Donald Glover is in the middle of a pretty big year: the second season of his fantastic FX series Atlanta is about to wrap up, he just pulled double-duty hosting and performing on SNL this past weekend, and later this month he’s starring in some quiet, unknown indie film about some dude named Han Solo.
Outside of the cultural cornucopia that Glover’s been churning out for us to chew on, there’s not many bright spots in the world. In fact, things are, uh, pretty fucking bad. Not only does Donald Glover seem to know how bad everything is, though, his new video under the Gambino moniker, “This is America,” shows that he is also capable of expertly articulating a roadmap through the depths of the most hellish corners of our world.
Here’s how Glover, along with Atlanta director Hiro Murai, collaborated to offer a perfect snapshot of our dystopia with their new video.
The primary through-line of this video involves Glover dancing in a manic, eager-to-please fashion while total chaos, from guns to police brutality, erupts behind him juuust out of frame and focus. Although as a metaphor for how we as consumers of culture allow the media we surround ourselves with to distract us from the ills and terrors of culture at large it can be seen as obvious and crude, it still fits as the issues that Glover is tackling— from racialized violence to gun control—are pretty obvious and crude, also.
Speaking of those guns, the video features some pretty jarring violence at the hands of firearms throughout its runtime, most prominently when Gambino shoots a guitar player in the head with a handgun, or the even more skin-crawling instance of him bursting into a room and massacring an entire gospel choir mid-chorus with a machine gun.
We all know guns equal bad, and this video’s portrayal of the horror these weapons can yield in a such an unfetishized light does a great job of proving this, but there’s also something worth noting based in these deaths happening to musicians showing us their craft; specifically, it touches on how as a culture, we may have reached a point where we at large can celebrate (and commodify) art made by black artists, but in the presence of guns and racism, we still treat the bodies of the creators as disposable. This point is further driven home by the contrast in Gambino nonchalantly shooting the guitar player, only for his body to be carelessly dragged away while the weapon is gently collected in a silk handkerchief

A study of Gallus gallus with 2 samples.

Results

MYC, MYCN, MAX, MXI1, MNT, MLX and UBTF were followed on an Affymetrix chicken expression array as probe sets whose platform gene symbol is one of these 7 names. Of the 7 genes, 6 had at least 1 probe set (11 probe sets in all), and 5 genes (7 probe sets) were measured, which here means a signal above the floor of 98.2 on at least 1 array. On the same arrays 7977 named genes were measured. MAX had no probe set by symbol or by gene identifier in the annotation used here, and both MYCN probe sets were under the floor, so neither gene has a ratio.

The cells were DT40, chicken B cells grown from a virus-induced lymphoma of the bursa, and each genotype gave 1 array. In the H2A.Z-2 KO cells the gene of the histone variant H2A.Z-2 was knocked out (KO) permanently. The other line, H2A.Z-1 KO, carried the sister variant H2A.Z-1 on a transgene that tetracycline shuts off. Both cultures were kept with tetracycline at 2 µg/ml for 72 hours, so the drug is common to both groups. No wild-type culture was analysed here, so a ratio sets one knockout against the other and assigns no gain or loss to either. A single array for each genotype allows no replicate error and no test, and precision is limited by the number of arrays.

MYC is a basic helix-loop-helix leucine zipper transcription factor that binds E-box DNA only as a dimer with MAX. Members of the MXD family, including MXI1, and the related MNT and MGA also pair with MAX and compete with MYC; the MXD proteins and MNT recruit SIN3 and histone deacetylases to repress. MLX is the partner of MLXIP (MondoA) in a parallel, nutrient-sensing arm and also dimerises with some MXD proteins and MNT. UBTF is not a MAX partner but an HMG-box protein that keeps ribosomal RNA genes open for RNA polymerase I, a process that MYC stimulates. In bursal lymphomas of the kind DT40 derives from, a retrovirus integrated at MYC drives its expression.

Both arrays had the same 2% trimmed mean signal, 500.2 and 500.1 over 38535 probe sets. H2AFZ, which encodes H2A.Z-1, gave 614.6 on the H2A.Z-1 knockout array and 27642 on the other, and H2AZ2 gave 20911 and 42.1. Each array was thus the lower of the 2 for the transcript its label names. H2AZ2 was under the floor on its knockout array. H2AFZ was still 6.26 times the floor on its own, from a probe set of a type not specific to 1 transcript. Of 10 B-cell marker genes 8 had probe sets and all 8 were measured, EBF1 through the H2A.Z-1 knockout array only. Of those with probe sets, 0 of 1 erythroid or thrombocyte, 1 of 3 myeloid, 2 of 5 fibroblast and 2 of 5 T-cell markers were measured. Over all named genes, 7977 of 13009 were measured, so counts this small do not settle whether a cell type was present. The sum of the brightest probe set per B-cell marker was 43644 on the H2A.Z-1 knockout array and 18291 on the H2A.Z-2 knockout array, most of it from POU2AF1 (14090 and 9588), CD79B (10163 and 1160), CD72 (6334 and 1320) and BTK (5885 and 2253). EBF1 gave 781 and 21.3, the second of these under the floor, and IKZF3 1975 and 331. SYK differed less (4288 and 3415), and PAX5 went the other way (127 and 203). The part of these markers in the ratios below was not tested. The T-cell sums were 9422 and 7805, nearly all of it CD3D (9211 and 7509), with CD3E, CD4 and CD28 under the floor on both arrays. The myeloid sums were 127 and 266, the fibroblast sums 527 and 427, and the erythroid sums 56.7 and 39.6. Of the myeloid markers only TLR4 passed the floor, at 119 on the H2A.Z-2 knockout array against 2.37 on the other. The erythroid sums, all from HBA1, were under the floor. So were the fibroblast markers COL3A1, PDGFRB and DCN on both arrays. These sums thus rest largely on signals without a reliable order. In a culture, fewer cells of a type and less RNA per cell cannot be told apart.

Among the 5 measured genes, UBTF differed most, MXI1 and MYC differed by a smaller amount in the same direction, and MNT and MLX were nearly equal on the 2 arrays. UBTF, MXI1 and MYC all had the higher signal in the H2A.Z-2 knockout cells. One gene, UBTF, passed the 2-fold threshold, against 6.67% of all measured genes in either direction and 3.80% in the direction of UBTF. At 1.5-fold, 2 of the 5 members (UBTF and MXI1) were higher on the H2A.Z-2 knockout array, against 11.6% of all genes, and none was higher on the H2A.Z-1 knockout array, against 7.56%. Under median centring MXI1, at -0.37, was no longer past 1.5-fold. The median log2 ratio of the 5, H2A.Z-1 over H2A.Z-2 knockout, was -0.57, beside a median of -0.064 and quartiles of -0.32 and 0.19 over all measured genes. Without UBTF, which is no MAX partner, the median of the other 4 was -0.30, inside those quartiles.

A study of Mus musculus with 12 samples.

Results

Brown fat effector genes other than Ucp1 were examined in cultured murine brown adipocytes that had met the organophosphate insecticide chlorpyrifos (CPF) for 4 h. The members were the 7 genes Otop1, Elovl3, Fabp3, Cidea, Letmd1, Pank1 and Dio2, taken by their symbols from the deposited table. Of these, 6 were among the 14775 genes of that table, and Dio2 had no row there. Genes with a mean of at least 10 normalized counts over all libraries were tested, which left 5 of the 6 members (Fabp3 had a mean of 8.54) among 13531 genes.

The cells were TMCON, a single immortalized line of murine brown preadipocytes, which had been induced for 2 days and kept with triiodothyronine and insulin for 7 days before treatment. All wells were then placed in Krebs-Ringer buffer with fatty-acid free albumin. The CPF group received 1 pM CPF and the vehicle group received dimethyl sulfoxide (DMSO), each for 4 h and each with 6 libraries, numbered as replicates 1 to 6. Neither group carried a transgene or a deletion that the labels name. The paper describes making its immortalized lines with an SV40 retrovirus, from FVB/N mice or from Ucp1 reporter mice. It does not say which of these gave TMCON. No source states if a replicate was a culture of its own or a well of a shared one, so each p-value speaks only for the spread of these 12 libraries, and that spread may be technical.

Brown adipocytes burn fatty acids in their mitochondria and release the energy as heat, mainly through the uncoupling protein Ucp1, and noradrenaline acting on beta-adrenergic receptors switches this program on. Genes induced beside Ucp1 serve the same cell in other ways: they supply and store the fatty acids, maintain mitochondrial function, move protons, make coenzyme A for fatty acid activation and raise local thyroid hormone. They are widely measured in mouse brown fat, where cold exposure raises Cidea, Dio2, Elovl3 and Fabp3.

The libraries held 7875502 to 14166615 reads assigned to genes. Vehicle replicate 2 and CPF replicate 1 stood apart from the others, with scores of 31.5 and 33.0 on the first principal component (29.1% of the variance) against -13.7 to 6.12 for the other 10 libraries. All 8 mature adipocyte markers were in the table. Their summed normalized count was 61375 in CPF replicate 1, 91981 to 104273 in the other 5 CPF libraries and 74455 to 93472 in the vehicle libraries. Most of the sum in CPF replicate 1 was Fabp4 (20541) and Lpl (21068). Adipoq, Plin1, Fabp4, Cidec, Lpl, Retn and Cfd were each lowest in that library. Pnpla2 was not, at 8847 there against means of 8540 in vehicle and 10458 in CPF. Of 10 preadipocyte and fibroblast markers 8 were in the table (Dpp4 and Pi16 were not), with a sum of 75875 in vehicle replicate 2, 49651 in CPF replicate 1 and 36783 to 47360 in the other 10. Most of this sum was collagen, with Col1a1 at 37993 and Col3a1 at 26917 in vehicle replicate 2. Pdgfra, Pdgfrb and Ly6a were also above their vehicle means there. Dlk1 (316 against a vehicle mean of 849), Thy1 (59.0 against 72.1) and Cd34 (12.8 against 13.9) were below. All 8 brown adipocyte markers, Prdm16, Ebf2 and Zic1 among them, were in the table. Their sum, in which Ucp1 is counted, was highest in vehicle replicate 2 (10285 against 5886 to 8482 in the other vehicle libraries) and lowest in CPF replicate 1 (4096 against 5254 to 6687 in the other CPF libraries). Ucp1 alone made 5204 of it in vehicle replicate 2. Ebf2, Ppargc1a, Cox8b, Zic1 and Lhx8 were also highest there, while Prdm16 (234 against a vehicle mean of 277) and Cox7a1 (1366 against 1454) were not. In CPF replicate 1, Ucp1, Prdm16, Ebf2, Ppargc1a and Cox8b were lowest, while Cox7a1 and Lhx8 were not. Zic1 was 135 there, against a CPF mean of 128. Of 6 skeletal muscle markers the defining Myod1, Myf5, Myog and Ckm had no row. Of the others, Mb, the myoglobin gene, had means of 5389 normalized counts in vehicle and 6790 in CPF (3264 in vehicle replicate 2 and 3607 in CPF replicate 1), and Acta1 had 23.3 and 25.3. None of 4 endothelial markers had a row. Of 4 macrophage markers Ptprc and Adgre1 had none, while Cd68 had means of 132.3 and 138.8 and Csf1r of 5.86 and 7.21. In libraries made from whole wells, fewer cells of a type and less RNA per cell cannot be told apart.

Despite the large scale of the chaos included in this video, from the dancing to the shooting, it all occurs within the confines of a mostly-empty warehouse. Though for the majority of the runtime this directorial choice could be seen merely as a way to keep the shooting cost down, the artistic decision gains a bit more weight during the song’s outro, crooned by Young Thug, which he begins by declaring “You just a black man in this world/You just a barcode.”
This line cements the decision to confine everything to this warehouse to be another way for Glover to point toward the idea that black culture—from its art to the social issues —is largely seen as being a collection of commodified objects, to be bought and sold, rather than anything real.
Some days things are so bad that it truly can feel like the world is ending – but don’t feel alone, it seems as if Childish Gambino agrees with you. Snuck into the back of the frame during one of Glover’s dance showcases is a pale horse ridden by a hooded figure – which, for all you Bible-heads out there, is otherwise known as “Death”, the fourth and final Horseman of the Apocalypse and the signal that the end truly has arrived.